Suicide is a complex issue that touches many lives, and is the concern of a range of social and health-care professionals. It is also an important public health problem, being the “tenth leading cause of death worldwide” (Windfuhr & Kapur 2011: 28). While suicide is strongly related to poor mental health; it is widely understood that suicide often occurs in the absence of a psychiatric diagnosis. Although psychiatry and related mental health professionals have an important role to play in suicide prevention, the complexity of suicide necessitates the involvement of multi-disciplinary researchers and practitioners.
Published last year, Understanding Suicide: A Sociological Autopsy (Fincham, Langer, Scourfield & Shiner 2011) presents research from a broadly sociological (though incorporating other social scientific approaches) investigation of 100 suicide case files from a coroner’s office. The study incorporated both qualitative and quantitative analysis of the files, in an adaption of the more well established psychological autopsy approach to studying suicide. The research findings illuminate important, but often overlooked, social factors relating to suicide:
1. That the group of people most at risk of suicide are men in mid-life.
Fincham et al combine a quantitative analysis of the 100 case files they studied, with official statistics on suicide rates. Through this, they highlight that suicide rates for men peak between the ages of 35 and 45, with suicide being a relatively rare occurrence among young men. However, many suicide prevention programmes have focused on reducing suicide among young men. This reflects an increase in the suicide rate among young men; but obscures the fact that the men in mid-life complete suicide in greater numbers. Fincham et al’s analysis examines the ways that age and stage of life might be implicated in suicides. In particular, they highlight the varying strength and importance of social relationships and social bonds in youth, mid-life and old-age.
2. The importance social relationships in understanding suicide.
A commonly held understanding of suicide is that it is related to social isolation – leading from Emile Durkheim’s pioneering work on the sociology of suicide, which argued that social isolation increased the chances of suicide. However, Fincham et al argue that social relationships – or more accurately, unravelling social relationships – might be a more appropriate way of explaining suicide. Their research found that the deceased in the case files had often recently experienced a break-up in a relationship or had lost contact with their children. This approach to understanding suicide provides one way of explaining the connection between suicide and unemployment, with work being an important source of social relationships – particularly for men, particularly men in mid-life. A related finding was that suicide can be seen as a way of trying to work on social relationships. Analysis of the suicide notes included in just under half of the case files studied suggested that the notes were often used to attempt to heal, create, or sever social ties. Fincham et al suggest that “[r]ather than seeing death as the end … suicide notes can be a means to continue or even to initiate relationships through which agency can be exerted” (p. 89)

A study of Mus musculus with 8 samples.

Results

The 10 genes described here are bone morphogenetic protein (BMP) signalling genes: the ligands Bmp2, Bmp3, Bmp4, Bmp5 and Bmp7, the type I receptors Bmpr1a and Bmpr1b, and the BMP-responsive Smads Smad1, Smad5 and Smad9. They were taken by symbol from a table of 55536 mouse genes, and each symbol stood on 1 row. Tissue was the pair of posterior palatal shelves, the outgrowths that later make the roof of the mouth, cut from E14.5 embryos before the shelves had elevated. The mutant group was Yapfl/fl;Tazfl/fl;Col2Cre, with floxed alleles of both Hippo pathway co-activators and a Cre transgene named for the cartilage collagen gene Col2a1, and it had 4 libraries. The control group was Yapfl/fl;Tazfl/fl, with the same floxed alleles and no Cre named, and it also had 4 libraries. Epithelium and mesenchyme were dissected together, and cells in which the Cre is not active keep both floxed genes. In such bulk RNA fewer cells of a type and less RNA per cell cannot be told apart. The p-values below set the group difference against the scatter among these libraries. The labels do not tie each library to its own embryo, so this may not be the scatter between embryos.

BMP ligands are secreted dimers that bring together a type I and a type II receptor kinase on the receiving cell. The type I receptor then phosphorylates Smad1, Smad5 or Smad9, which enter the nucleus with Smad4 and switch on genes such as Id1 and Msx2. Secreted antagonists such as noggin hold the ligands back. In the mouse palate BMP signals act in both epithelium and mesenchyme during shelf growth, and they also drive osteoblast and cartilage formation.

3. The role of gender in understanding suicide.
In an earlier paper, Jonathan Scourfield (2005) highlighted the importance of gender in seeking to better understand suicide. Scourfield’s approach emphasised the problematic way in which much previous research on suicide had addressed gender: that is in a rather straightforward way, looking at ‘males’ and ‘females’ as two separate, largely similar groups. In Understanding Suicide, a more nuanced gendered analysis is presented. This takes account of the importance of differences within men and women, rather than focusing on the differences between men and women. Thus, in Understanding Suicide, greater attention is paid to the complex interactions between gender, life stage, and employment, family-life, and intimate relationships.
Each of the above points serves to improve our understandings of why people die by suicide. By examining the role of life-stage, social relationships and gender on individual suicides, Fincham et al propose novel ways of explaining why certain groups of people are more vulnerable to suicide. Additionally, their approach further confirms the usefulness of qualitative approaches to researching suicide. Perhaps most importantly, Understanding Suicide demonstrates the need for wide-ranging approaches to suicide prevention, which incorporate social interventions alongside medical and psychological treatment (p. 185).
This blog draws on an earlier review, published in Network, the magazine of the British Sociological Association (Chandler, 2012).
Dr Amy Chandler
Centre for Research on Families and Relationships University of Edinburgh
Chandler, A. (2012), ‘Understanding Suicide: A Sociological Autopsy, by Ben Fincham, Susanne Langer, Jonathan Scourfield and Michael Shiner, Book Review’, Network, 111, 37.
Fincham, B., Langer, S., Scourfield, J. and Shiner, M. (2011), Understanding Suicide: A Sociological Autopsy, London, Palgrave Macmillan.
Scourfield, J. (2005), ‘Suicidal Masculinities’, Sociological Research Online, 10, 2.
Windfuhr, K. and Kapur, N. (2011), ‘International Perspectives on the Epidemiology and Aetiology of Suicide and Self-Harm’, in O’Connor, R.C., Platt, S. and Gordon, J. (eds.), International Handbook of Suicide Prevention: Research, Policy and Practice, Chichester, Wiley-Blackwell.